From airline pants to the all-day dressing gown, these outfits are just the thing for those duvet-based video calls
Dressing gowns are all about context … they can appear as an open-wrap dress or a cardigan. Photograph: JGI/Jamie Grill/Getty Images/Tetra images RF
The Guardian-Morwenna Ferrier
Dressing for work, if lockdown is forcing you to work from bed, is a dance between comfort and mindset. A nightie suggests you’ve given up, but lip gloss is too much (plus it’s a nightmare if you get it on your sheets). So, how to dress when you don’t want to get dressed? Can you get away with a dressing gown, and what about a hoodie? Follow these tips for bed-based video-call dressing, and you can hunker down in your chrysalis and emerge from it warm, transformed and, hopefully, still employed.
Say goodbye to your pyjamas
No one is suggesting you wear a pinstripe suit to work from bed. But the once salubrious act of wearing your pyjamas all day loses its novelty as some of us march into month 10 of working from home. Daniel Biddulph, a graphic designer who worked from home way before everyone else did, put me on to airline pants. That is, those neutral-coloured sleep-suits-in-bags they give people on first-class flights. Free of those tell-tale pyjama giveaways – lapels, piping, fun checks – yet just as comfortable, they are pyjamas that are designed to be worn in public, planes in effect being dormitories in the sky. Assuming you don’t fly first class, and your support bubble is lacking a pilot, try eBay, where they sell (bagged and unworn) like hot cakes. Biddulph likes Lufthansa’s, which are dark blue. I prefer the British Airways offering, in black cotton polyester.
Dress like your bed
Cocooned in your new “working landscape”, you may soon struggle to differentiate between bed and bedclothes. Is that porridge on your sheet or porridge on you? Did you just use a cushion as a mousepad or is that actually a mouse? Instead, make an ally of your bed by wearing it. Although, be warned, not all blankets are designed to be worn. Frances Kozen, associate director of the Cornell Institute of Fashion and Fibre Innovation, says: “I own a wonderful alpaca Peruvian poncho, but it is definitely an outdoor garment, being without sleeves and a stiffer wool.” As for her wool Colombian ruana, “it’s better, but the open sides make it trickier to wrap up in”. Lightweight woollens, such as her Loki blanket, are good for curling up on the sofa, “but are not machine washable”, she says, with regards to the porridge incident above. Blankets in fleece and plush are the easiest to wash, and Snuggies and Comfies are designed for bed-working, but none of these are good for the environment. Kozen prefers her ankle-length bathrobe when doing business from bed, which brings us nicely on to the next item.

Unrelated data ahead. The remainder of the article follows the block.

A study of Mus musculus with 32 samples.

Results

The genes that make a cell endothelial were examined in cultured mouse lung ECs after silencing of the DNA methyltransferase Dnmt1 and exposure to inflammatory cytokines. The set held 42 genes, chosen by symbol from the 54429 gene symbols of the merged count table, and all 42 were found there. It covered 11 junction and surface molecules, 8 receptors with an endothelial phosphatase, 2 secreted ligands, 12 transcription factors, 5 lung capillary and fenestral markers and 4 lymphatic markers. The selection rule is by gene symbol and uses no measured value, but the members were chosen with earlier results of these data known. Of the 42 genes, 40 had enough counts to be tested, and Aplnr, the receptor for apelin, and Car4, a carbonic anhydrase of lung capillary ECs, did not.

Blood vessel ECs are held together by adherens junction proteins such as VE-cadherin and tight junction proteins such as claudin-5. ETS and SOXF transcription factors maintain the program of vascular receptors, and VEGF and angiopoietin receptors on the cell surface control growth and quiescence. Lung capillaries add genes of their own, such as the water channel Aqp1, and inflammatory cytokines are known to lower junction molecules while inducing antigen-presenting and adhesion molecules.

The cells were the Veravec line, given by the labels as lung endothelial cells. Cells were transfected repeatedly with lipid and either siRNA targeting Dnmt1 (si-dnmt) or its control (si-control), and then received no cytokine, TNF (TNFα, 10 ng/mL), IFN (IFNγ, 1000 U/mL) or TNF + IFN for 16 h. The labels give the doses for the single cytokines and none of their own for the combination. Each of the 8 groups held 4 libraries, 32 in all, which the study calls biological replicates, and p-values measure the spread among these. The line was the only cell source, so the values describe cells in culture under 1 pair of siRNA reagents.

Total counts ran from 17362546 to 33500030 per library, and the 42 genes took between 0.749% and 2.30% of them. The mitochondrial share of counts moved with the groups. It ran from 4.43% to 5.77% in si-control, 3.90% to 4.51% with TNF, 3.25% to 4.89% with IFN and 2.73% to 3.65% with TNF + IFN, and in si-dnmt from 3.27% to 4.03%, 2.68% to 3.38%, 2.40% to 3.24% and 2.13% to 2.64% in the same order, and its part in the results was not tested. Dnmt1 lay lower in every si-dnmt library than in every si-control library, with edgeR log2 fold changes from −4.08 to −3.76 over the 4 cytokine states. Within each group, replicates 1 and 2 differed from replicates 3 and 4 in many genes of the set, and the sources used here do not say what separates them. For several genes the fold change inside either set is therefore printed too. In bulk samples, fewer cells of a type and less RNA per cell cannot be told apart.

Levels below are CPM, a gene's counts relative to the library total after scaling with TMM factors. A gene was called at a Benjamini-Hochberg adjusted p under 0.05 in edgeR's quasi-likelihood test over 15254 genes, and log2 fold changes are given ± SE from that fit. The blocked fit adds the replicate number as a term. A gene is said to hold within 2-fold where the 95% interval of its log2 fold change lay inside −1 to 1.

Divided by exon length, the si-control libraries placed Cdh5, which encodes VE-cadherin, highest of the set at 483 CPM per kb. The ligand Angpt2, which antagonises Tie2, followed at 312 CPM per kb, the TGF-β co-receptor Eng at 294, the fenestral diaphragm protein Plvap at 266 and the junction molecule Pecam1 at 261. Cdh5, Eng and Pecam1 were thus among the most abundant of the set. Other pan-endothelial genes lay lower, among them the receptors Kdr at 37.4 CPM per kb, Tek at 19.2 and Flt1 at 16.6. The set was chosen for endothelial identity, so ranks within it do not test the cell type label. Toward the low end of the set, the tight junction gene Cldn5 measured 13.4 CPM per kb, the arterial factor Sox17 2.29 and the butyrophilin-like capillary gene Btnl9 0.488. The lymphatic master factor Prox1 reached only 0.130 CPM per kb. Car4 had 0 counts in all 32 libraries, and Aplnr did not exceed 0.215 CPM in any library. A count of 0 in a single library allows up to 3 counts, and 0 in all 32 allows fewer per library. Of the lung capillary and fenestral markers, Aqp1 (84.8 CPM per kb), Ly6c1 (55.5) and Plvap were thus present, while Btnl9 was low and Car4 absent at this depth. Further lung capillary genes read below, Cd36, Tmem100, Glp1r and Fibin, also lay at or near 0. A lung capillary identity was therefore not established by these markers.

Embrace the all-day dressing gown
Inspiration for the 24-hour robe comes from two different sources: Noël Coward on the stage and Mary Beard, Zooming from home. Coward, an early “bedfluencer”, wore silk robes as part of his louche, playboy brand, says Brad Rosenstein, the curator of a forthcoming exhibition, Noël Coward: Art & Style, at Guildhall art gallery in London. “The dressing gowns came to typify the style of his theatrical world … [and] he pursued that image offstage too.” For Coward, they were elegant and flattering but the more “eccentric ones” (see a gold silk one from Bronzini, known as the Vegas) were a means of political expression. “As a gay man at a time when homosexuality was criminalised in Britain, the boldly patterned silk dressing gowns could speak safely in ‘camp code’ while also being fashionably appealing to straight audiences,” says Rosenstein.
Beard wears a necklace with hers when she is teaching from home at Cambridge. “It’s guaranteed to trick them into thinking that you really have got properly dressed – because who wears a necklace with their dressing gown?” the academic and broadcaster said recently.
As someone who has worn a gown to a funeral and a wedding, both times without detection, I have realised that dressing gowns are all about context. Worn without its tie, it’s an open wrap dress. Worn over clothes, it’s a cardigan. Worn over pyjamas, it’s very much a dressing gown, though for Coward “the naughty implication of the bedroom” can be a plus.
Remember that hoodies are the new suit
Once upon a time (early 2020) wearing a hoodie to work outside the San Francisco Bay Area would have seemed ludicrous. Post-pandemic, a wardrobe of tracksuits and T-shirts has become fully acceptable. Devin Kohli works in the City of London but, like many of his colleagues, has long ditched the suit and tie. “I work in venture capital … so I see no reason not to wear jeans and a hoodie.” So, too, does Facebook’s Mark Zuckerberg, and Ken Leung’s character, Eric, in the HBO hit Industry. His purple hoodie screamed maverick, outsider and self-appointed mentor, in that order. Hoodies, it seems, are the new white collars, signifiers of informality, however performative (Zuck) or studied (Eric) that may be. By wearing one in bed, you not only look conference-ready, you actually look successful. Who would fire someone like that?
Always wear a sports bra
The pandemic has made much of our wardrobe redundant (RIP tight jeans), but it has yet to kill off underwear. Sports bra sales are up 150% at Marks & Spencer. This could be about enclothed cognition (even if you’re not actually jogging, wearing a sports bra means you could feasibly start any second), but more likely, many of us are now so used to leisurewear that this naturally extends to undergarments. No matter what your bed-working attire, underwear is essential. Given that cameras and colleagues are a knotty business (just ask the former New Yorker writer Jeffrey Toobin), a bra or boxers should at least prevent any job-ending slip-ups.